After all, whether we’re Christians or not, the decorations, the food and the parties are great! And in our broader, secular world, Christmas commemorates them most seemingly non-controversial aspect of Christianity: Jesus was born.
Today, that’s the most non-controversial and non-offensive claim of the Christian faith. It’s Jesus’ birthday, and even people who reject any claims that Jesus was divine or special generally accept the historical fact that a guy named Jesus of Nazareth lived 2000 years ago, and that he had a big impact on history. And even if people think the stories of angels and stars in the sky sound about as likely as Santa and flying reindeer, they’re cool stories! And in any event, the days are dark right now – both literally and figuratively – and Christmas is always a great excuse for a party.
Jesus was born. That might not be such a huge controversy today, but in the early church, it was a big deal and a big fight. And here’s why: people in general were fine with the idea that there was an immortal, invisible, all-powerful spiritual being “out there” somewhere. And perhaps you could connect with that all-powerful spiritual being if you could transcend time and space and your earthly body.
But that all-powerful, transcendent spiritual being was NOT to be found in a body. Not in the mess and muck of everyday life.
In the latter part of the first century when the Gospel of John was being written, there was a prevalent philosophy called “Gnosticism”, and it affected lots of different religions. It basically taught that the “spiritual” could only be attained by transcending or escaping the “physical”.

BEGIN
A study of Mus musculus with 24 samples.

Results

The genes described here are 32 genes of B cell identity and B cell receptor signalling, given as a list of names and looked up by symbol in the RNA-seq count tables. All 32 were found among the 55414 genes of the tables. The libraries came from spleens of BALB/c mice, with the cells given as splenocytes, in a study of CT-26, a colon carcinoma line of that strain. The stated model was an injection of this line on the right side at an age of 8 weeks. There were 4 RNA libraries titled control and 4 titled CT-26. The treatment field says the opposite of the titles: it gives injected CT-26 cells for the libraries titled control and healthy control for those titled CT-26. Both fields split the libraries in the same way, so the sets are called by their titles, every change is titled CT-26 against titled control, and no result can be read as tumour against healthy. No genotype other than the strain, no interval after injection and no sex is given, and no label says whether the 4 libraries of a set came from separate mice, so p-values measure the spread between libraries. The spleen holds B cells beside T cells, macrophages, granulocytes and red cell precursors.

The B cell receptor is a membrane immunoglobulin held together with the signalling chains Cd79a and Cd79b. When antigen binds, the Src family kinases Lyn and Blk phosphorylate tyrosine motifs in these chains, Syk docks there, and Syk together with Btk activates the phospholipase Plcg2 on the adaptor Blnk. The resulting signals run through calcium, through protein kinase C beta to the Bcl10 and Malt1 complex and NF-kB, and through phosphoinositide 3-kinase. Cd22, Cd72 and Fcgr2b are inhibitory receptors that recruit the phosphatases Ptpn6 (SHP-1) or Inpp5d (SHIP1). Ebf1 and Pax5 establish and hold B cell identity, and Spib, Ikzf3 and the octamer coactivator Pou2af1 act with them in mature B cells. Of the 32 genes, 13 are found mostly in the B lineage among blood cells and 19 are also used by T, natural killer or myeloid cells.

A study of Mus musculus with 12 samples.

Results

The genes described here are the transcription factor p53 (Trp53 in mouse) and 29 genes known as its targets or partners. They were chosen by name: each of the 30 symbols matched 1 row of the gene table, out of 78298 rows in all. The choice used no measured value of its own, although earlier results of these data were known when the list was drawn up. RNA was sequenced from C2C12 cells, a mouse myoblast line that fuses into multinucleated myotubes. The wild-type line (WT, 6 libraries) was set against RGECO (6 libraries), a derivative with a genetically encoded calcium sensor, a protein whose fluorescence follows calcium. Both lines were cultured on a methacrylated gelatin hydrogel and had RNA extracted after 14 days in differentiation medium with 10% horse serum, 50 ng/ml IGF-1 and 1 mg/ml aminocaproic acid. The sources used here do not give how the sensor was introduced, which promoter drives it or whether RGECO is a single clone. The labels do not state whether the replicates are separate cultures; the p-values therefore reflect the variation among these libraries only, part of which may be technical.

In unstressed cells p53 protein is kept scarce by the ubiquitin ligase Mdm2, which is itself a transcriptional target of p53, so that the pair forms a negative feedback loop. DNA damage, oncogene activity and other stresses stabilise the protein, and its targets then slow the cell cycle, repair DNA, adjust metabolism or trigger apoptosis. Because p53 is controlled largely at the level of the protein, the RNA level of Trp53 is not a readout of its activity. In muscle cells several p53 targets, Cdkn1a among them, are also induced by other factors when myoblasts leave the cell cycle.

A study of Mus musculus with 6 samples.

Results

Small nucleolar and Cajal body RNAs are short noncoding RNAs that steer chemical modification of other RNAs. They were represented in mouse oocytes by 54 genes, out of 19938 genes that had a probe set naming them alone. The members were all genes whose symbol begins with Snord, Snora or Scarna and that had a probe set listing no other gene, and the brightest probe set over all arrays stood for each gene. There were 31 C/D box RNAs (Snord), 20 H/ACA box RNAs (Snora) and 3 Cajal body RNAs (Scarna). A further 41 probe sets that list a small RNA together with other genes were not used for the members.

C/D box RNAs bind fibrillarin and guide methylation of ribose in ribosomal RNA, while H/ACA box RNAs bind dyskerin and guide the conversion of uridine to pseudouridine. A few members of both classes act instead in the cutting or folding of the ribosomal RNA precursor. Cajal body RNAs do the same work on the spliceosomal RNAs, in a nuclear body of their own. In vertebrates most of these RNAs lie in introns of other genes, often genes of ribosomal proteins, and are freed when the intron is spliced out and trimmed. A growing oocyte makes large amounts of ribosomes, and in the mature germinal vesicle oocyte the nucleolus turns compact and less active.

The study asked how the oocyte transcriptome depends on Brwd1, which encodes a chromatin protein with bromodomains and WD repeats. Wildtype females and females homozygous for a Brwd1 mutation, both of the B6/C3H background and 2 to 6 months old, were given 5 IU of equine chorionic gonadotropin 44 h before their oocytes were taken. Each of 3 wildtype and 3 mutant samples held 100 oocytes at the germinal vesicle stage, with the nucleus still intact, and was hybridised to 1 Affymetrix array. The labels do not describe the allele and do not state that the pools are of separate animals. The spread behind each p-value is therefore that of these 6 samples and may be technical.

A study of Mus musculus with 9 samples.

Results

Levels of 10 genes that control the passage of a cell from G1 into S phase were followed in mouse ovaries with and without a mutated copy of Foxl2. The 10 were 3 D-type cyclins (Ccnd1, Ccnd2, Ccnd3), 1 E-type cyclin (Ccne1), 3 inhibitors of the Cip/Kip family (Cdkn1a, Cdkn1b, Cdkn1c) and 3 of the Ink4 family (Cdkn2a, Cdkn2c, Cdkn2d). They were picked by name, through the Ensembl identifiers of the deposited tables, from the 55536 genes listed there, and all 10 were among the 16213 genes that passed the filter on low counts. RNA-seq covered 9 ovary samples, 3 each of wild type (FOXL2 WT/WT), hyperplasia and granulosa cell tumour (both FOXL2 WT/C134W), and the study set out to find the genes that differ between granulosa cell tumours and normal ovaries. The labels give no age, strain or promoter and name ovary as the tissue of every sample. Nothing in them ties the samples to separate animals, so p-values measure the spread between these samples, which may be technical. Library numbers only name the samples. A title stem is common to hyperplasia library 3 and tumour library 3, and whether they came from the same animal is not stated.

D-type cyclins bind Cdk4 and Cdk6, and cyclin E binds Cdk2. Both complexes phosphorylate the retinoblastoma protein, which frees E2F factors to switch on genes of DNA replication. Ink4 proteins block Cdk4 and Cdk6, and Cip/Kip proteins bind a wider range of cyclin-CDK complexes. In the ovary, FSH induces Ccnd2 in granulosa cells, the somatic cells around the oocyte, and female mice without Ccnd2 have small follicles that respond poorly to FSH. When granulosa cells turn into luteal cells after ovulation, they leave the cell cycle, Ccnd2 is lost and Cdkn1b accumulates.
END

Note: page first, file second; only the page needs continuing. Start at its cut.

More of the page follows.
And so gnostics would have been totally fine with the introduction to John’s Gospel: “In the beginning was the Word, and the Word was with God and the Word was God …” But then, John ruined it for them: “the Word became flesh and dwelt among us…”
That is, the immortal, transcendent power which is God has actually become one with God’s created universe. And Jesus being “born” means that God is found not “out there” but among us.
And that was an idea that generated a fight that went on for a long time… (when the creeds say we believe that Jesus was “born of the virgin Mary” it intends to emphasize “BORN”…)
So as Christians, when we celebrate Jesus being born, we ought to recognize what that really means. We’re not just celebrating an historical event to which we attach more significance than others. Instead, we’re proclaiming that God is a real and living part of his created world right here and right now, not just a spiritual being in the sky that we hope to experience one day after we’ve transcended our mortal bodies.
That’s really the point of Christmas. And that’s why John’s Gospel has always been the primary Gospel reading for Christmas. Our faith, finally, isn’t about angels, shepherds, stars or even virgin births. It’s about experiencing God as a living reality in our real, everyday lives.
And that idea should shake us up as much as it shook up people in the first century. “Jesus was born” means that we’re called to be people who:
- Look for God in the regular people and events of our lives … (not just silent nights or experiences of spiritual ecstasy…)
- Have the courage to expect God to act even in the midst of difficult and painful times and situations … (the Gospel of Matthew presents the genealogy of Jesus as including incest, adultery and socially unacceptable relationships; the Gospel of Luke positions Jesus’ birth in the midst of a terrible uprising…) That’s important to remember in a world filled with wars, terror attacks, instability and uncertainty…
- Live as people who, like Jesus, are involved in the real world around us… (Luther pointed out at Christmas that if people said they would have brought in the mother and child at the first Christmas, they had plenty of opportunity now since Christ is in their neighbor…)
And so for us, Christmas isn’t just a birthday. It’s not just a season. It’s the proclamation that God really is present, even in a messy and chaotic world. It’s the promise that God is never far from us. And it’s the call to experience and lift up the living presence of God in our real, everyday lives.